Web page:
Dear Abby: I am appalled at older workers who hang onto their jobs so they can live lavish lifestyles, while young workers trying to support families are left with lack of advancement or even laid off because they don’t have tenure.
I am a single mom, and when my sons are out of college I plan to take a less stressful job (and thus less pay), so a younger person can have my job to support a family. I am so tired of the ME ME ME attitude of our society now. In the past, there was more of a sense of social responsibility. Now it’s every man for himself and hang everyone else!
In Columbus, Ohio
Dear Disgusted: While your altruism is laudable, please try to be less judgmental. Many older people work longer these days not to live lavish lifestyles, but to survive.
Unless you have a crystal ball that enables you to see what seniors have in the bank, it’s presumptuous to say someone should retire. Many seniors are unprepared financially to do so through no fault of their own. And while you may think now that you’ll take a reduction in pay when your sons are out of college, it remains to be seen if that will be feasible for you when the time comes.
Dear Abby: My cousin died a short time ago at a very young age and in an unnatural and devastating way. As soon as people outside the family started finding out, they began asking what happened. Many of these questions were posted on my relatives’ Facebook pages.
Is it just me or isn’t that a very insensitive thing to do? It’s not just that they are asking questions of a grieving family who lost their son only hours before, but that they did it through Facebook.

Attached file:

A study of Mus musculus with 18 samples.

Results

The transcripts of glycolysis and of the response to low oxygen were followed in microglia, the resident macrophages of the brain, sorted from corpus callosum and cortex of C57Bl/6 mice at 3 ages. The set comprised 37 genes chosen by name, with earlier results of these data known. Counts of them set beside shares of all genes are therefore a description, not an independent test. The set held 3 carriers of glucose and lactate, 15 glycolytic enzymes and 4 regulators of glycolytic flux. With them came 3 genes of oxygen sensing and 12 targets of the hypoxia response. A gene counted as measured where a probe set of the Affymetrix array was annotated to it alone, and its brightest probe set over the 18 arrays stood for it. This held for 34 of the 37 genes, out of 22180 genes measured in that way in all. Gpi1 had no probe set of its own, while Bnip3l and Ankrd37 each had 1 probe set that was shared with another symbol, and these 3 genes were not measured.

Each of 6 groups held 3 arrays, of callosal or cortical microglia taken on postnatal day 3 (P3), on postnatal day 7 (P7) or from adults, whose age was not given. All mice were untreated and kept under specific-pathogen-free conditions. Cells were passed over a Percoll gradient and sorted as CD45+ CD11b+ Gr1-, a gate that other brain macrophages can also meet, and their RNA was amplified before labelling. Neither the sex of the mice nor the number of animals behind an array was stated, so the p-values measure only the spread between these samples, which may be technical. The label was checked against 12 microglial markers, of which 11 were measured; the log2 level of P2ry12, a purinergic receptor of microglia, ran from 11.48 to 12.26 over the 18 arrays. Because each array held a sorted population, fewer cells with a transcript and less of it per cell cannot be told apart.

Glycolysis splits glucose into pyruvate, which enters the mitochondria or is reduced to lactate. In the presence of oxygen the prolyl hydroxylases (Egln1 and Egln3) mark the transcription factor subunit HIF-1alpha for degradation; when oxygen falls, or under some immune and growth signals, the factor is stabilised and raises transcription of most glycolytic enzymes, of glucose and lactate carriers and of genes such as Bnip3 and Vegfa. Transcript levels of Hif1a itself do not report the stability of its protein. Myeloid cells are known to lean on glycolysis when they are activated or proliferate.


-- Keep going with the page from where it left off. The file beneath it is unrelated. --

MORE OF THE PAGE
In the Midwest
Dear Mourning: Please accept my sympathy for your family’s tragic loss. We live in an age in which respect for privacy has nearly disappeared, and folks routinely bare intimate and sensitive details about their lives on the Internet. Of course questions like the ones your relatives are being asked are tasteless — whether in person or via electronic media. If a person wishes to convey this kind of information, it is usually done VOLUNTARILY, and certainly not when feelings are raw.
Dear Abby: Too often we hear horrifying stories in the news about prescription drug addiction and overdoses. I’d like to offer hope to addicts who are still using.
There IS life after drugs. For 10 years I was addicted to pain pills. My poor mother tried everything. She offered me trips or help in buying a new car if I would just go to rehab. I refused because I wasn’t ready. I finally hit rock bottom and went into rehab when I realized my daughter was pulling away from me. I had been spending our rent money on pills I’d buy on the streets.
After I was sober for a few days, I realized I liked the feeling. After the sixth day, I was “me” again, and I loved it. I have been sober for two years and am now entering school to become a patient tech. It’s exciting because I will be helping others. I believe this is what I was meant to do in life.
Everyone keeps saying I should tell my story, but to be honest, my story isn’t finished yet. Thank you for letting me share.
Dear Enjoying Sobriety: You’re welcome. You’re right that your story isn’t over yet, but from where I’m sitting it looks like the next chapter will be a happy and constructive one. I wish you success in your journey.
Dear Abby is written by Abigail Van Buren, also known as Jeanne Phillips, and was founded by her mother, Pauline Phillips. Write Dear Abby at www.DearAbby.com or P.O. Box 69440, Los Angeles, CA 90069.